Wednesday, March 13, 2013

2013 Storylines: The Walking Wounded

(Ouch, bro.  Courtesy of the AP)

A byproduct of being an old team is the higher tendency for players to get injured.  The Yankees have walked a fine line in that department in the last two seasons as they've aged, and their ability to adapt and overcome those injuries has been what's kept them at the top of the AL East while they've battled Father Time.  This season, that battle is going to rage on like it never has before.  The Yankees would be wise to load up on the Raid, Icy Hot, and batteries for the MRI machine (they run on batteries, right?), because the injury bug is going to be a fixture in the clubhouse in 2013.

Three Reasons To Pass On Brennan Boesch

(Courtesy of Detroit News)

The Tigers released outfielder Brennan Boesch this morning, and in their never-ending quest to add every replacement level outfielder available the Yankees have already been connected to him.  Boesch is a good fit on paper- 27 years old, lefty swinger with power, can play both outfield corners- but a more detailed look into his statistical breakdown raises some red flags, three to be exact.

A Bit Of Significance To Today's Game

A ticket stub from a Spring Training game usually doesn't mean much, especially with the types of lineups the Yankees have been putting on the field lately.  Those with tickets today's game, however, might be wise to hang onto them and tell their kids and grandkids about the time they got to see three of the best in Yankee history play.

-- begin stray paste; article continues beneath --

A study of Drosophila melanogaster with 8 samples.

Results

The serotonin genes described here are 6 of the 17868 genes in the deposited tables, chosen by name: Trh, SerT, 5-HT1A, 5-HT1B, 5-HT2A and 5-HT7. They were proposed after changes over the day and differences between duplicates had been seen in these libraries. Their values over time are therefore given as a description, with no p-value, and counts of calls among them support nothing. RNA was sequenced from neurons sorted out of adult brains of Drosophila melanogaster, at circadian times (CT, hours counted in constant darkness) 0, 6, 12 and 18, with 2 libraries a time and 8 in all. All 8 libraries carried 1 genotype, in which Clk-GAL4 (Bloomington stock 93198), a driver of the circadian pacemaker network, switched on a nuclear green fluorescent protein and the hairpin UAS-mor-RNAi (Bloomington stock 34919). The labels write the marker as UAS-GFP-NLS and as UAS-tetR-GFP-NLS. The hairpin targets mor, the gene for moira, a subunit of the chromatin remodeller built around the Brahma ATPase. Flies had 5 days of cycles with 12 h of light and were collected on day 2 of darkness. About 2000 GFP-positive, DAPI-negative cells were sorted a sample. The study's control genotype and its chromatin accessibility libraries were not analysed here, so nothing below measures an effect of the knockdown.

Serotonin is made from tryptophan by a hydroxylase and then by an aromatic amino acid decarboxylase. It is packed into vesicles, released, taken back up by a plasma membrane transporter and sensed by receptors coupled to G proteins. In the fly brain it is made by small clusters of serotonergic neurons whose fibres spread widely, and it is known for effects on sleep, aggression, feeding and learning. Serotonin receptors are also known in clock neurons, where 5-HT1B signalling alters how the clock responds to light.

The scheduled starter for today's ST game against the Phillies is Andy Pettitte, making his 2013 debut.  Also scheduled to pitch today is Mariano Rivera, making his second spring appearance as he continues his comeback from last year's ACL injury.  And scheduled to start at shortstop, for the first time this spring and for the first time since breaking his ankle in the ALCS, is Derek Jeter.  The three remaining pieces of the Core Four, 15 World Series rings between them, the last links to the late 90s Yankee dynasty, and they'll all be on the field today.

These three are easily the greatest Yankees of the last 35 years, and the number of times that we're likely to see all three of them play in the same game has to be down in the single digits.  With Mo already set to retire after this season, Andy probably heading down the same path, and all three guys being injury risks in their own way, it's hard to predict exactly how many more times this will occur.  Today it's practically a guarantee that all three of them will be in the same game, though, and that's a cool little footnote in Yankee history.  It doesn't matter who wins or loses today's game, but there's definitely a little more meaning to it with these three scheduled to play together.